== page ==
The following are transactional communication patterns (flaws) that we humans often let become unnoticeable habits (to us) that create challenges and roadblocks in our interactions with others. I compiled this list below from Marshall Goldsmith’s book “What got you here won’t get you there.”
Personally, it’s an essential list because I use it while onboarding new clients for mid to long-term engagements. Does any of these resonate with you?
- Winning too much: The need to win at all costs and in all situations- when it matters, when it doesn’t, and when it’s totally beside the point.
- Adding too much value: The overwhelming desire to add our two cents to every discussion.
- Passing judgment: The need to rate others and impose our standards on them.
- Making destructive comments: The needless sarcasm and cutting remarks that we think make us sound sharp and witty.
- Starting with “No,” “But,” or “However”: The overuse of these negative qualifiers which secretly say to everyone, “I’m right, You’re wrong.”
- Telling the world how smart you are: The need to show people we’re smarter than they think we are.
- Speaking when angry: Using emotional volatility as a management tool.
- Negativity: “Let me explain why that won’t work”: The need to share our negative thoughts even when we were not asked.
- Withholding information: The refusal to share information with others to maintain an advantage over them.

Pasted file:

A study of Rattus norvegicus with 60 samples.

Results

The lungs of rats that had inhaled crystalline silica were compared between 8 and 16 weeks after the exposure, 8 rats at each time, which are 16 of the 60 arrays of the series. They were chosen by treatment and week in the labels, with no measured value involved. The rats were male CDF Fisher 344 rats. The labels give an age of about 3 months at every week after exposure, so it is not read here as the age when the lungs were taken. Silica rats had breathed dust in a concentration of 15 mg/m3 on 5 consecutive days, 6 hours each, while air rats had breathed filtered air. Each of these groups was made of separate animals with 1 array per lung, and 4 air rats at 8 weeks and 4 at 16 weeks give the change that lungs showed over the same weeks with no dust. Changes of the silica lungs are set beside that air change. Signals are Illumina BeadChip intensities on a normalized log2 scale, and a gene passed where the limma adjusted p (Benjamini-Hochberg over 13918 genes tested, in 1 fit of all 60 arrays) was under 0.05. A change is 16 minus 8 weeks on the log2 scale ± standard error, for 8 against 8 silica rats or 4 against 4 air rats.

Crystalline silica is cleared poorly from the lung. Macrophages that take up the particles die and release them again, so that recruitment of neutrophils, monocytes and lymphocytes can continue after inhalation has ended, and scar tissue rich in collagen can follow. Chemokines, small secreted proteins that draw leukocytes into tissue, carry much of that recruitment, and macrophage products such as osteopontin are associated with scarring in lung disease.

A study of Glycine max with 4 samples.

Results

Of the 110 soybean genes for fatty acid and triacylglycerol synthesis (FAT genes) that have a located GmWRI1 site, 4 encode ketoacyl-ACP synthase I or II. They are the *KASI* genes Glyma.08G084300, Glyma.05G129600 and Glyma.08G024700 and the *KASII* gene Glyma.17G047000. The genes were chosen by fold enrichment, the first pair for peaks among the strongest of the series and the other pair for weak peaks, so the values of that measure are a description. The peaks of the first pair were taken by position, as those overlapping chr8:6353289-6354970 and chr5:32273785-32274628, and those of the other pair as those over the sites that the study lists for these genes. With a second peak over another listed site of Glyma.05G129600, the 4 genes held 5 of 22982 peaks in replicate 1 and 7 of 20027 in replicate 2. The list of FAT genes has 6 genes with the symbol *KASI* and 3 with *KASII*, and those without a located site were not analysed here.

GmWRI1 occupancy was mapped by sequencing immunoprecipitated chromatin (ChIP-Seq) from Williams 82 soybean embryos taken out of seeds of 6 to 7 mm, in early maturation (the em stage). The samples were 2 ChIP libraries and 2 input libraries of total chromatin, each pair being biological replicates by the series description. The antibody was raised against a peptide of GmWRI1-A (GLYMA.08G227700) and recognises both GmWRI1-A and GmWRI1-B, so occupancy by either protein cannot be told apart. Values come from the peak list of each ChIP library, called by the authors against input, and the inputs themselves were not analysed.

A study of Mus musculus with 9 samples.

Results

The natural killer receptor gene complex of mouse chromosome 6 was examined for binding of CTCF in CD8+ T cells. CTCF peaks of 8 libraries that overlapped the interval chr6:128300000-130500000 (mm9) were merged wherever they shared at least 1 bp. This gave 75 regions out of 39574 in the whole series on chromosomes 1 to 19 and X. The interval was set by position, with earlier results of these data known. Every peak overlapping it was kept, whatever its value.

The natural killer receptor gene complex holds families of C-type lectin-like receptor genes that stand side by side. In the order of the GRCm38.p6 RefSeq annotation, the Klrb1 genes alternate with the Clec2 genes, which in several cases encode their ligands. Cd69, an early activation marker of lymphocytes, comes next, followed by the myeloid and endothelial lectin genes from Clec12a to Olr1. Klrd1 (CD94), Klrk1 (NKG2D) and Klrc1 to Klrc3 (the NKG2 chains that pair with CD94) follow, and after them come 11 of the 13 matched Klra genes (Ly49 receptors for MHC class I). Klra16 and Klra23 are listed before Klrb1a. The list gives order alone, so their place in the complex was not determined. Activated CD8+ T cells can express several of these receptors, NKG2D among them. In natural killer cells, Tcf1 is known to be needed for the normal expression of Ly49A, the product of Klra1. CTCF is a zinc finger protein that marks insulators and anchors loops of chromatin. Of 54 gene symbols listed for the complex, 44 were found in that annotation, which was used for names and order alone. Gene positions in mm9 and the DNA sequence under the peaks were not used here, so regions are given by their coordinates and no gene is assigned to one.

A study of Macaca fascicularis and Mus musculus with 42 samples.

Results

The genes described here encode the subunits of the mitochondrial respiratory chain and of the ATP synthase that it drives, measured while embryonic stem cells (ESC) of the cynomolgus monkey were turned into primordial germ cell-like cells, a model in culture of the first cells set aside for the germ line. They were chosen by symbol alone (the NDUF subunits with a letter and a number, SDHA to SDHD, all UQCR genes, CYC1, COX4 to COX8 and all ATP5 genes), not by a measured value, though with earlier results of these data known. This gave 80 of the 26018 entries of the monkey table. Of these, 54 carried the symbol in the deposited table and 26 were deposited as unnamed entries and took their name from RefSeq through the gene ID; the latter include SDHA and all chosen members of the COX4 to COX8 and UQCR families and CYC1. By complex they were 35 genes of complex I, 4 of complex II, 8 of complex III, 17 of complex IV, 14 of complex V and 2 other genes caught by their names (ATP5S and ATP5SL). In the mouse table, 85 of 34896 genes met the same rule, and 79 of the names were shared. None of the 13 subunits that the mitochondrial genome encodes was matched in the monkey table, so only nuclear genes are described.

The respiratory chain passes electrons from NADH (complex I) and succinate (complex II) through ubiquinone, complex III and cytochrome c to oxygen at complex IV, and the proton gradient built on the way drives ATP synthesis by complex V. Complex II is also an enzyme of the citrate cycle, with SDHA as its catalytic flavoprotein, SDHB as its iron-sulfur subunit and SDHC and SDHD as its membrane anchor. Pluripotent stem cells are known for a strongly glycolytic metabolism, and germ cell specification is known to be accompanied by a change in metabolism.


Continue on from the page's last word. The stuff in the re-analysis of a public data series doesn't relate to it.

- Failing to give proper recognition: The inability to praise and reward.
- Claiming credit that we do not deserve: The most annoying way to overestimate our contributions to any success.
- Making excuses: The need to reposition our annoying behaviour as a permanent fixture, so people excuse us for it.
- Clinging to the past: The need to deflect blame away from ourselves and onto events and people from our past; a subset to blaming everyone else.
- Playing favorites: Failing to see that we are treating someone unfairly.
- Refusing to express regret: The inability to take responsibility for our actions, admit we’re wrong, or recognize how our actions affect others.
- Not listening: The most passive-aggressive form of disrespect for colleagues.
- Failing to express gratitude: The most basic form of bad manners.
- Punishing the messenger: The misguided need to attack the innocent who are usually only trying to help.
- Passing the buck: The need to blame everyone but ourselves
- An excessive need to be “me”: Exalting our faults as virtues simply because they’re who we are.
I’ve written about each of these 20 habits on this website. Search for the titles, and you may find them. But most importantly, sit down and reflect on each of these habits because, more often than not, people think they’re immune to these behaviors. There’s a reason why they’re “unrecognizable” leadership habits.